DONGDUCHEON, Republic of Korea -- Winter is here and people are bundling up to stay warm outside, but staying warm inside can also be a challenge for many families in Dongducheon City.
Soldiers with 3rd Battalion, 13th Field Artillery Regiment, 210th Field Artillery Brigade teamed up with Gyeonngi Province to help families stay warm by delivering 5,000 blocks of charcoal to disadvantaged families during the 2018 Dongducheon Charcoal Distribution Dec. 21.
The 3-13 Field Artillery Regiment (FAR) is a rotational unit from Fort Sill, Oklahoma, and is forward deployed with 210th Field Artillery Brigade (FAB).
U.S. Army Garrison Casey Commander Lt. Col. Brian Jacobs, native of Merritt Island, Florida, shared why this experience is important to him.
"Helping others has been a core value of mine as a child, through my teenage and adult years," said Jacobs. "It's consistent with the Army value selfless service."
Jacobs highlighted the significance of volunteering in the community in which you serve.
"But here in Korea it's even more special, because we're doing this for our host nation partners," said Jacobs. "This service was an outward confirmation that the U.S. is here to be part of the community."
Staff Sgt. Javaun Mosley, native of Lawton, Oklahoma, Fire Control Noncommissioned Officer, 3-13 FAR, shared his own feelings about supporting the ROK-U.S. alliance.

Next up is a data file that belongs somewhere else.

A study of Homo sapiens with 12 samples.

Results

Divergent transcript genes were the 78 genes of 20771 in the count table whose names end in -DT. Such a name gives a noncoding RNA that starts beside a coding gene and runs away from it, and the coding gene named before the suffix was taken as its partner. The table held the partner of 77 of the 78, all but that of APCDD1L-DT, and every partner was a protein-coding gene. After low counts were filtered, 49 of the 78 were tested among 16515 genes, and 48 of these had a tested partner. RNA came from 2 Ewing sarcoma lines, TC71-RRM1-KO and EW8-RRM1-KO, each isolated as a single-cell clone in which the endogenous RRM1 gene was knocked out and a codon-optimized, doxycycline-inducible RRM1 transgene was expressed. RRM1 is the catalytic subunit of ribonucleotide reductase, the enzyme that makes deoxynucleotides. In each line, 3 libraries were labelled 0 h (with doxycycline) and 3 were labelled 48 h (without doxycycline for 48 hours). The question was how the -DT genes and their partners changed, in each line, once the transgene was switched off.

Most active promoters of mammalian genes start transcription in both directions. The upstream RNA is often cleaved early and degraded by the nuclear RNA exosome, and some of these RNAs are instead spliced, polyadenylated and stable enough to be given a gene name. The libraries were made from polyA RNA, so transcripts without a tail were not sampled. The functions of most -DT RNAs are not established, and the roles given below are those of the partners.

"Building relationships is important between the U.S. and Republic of Korea," said Mosley. "It shows the civilians that we actually care."
Mosley does something every year to help others in need in the United States.
"It's nice to expand that a little bit to another country," said Mosley.
The annual charcoal distribution is in conjunction with Eighth Army's Good Neighbor Program, which was established in 2003 to strengthen the ROK-U.S. partnership by increasing positive engagements with the local community.
Staff Sgt. Nicholas Pauken, native of Washington D.C., Fire Control Noncommissioned Officer, 3-13 FAR, enjoyed the opportunity to enhance relationships.
"I think this service helps to support our international relations with South Korea," said Pauken. "It shows others that we care about them, not just what it looks like on TV."
The event took Soldiers out of their daily battle rhythms and immersed them into their surrounding community.
"It's one thing to train, work, and have a tenure here focused on our gates," said Jacobs. "It's another thing to be visibly, integrated and nested in some of the great causes like this. I think it's a final confirmation of the phrase 'Katchi Kapshida-we go together.'"
While Katchi Kapshida is a phrase often used to describe the close relationships of ROK and U.S. Soldiers, these bonds are strengthened by the many small steps of host nations throughout the years.
This was yet another step to fortify friendships and strengthen the alliance.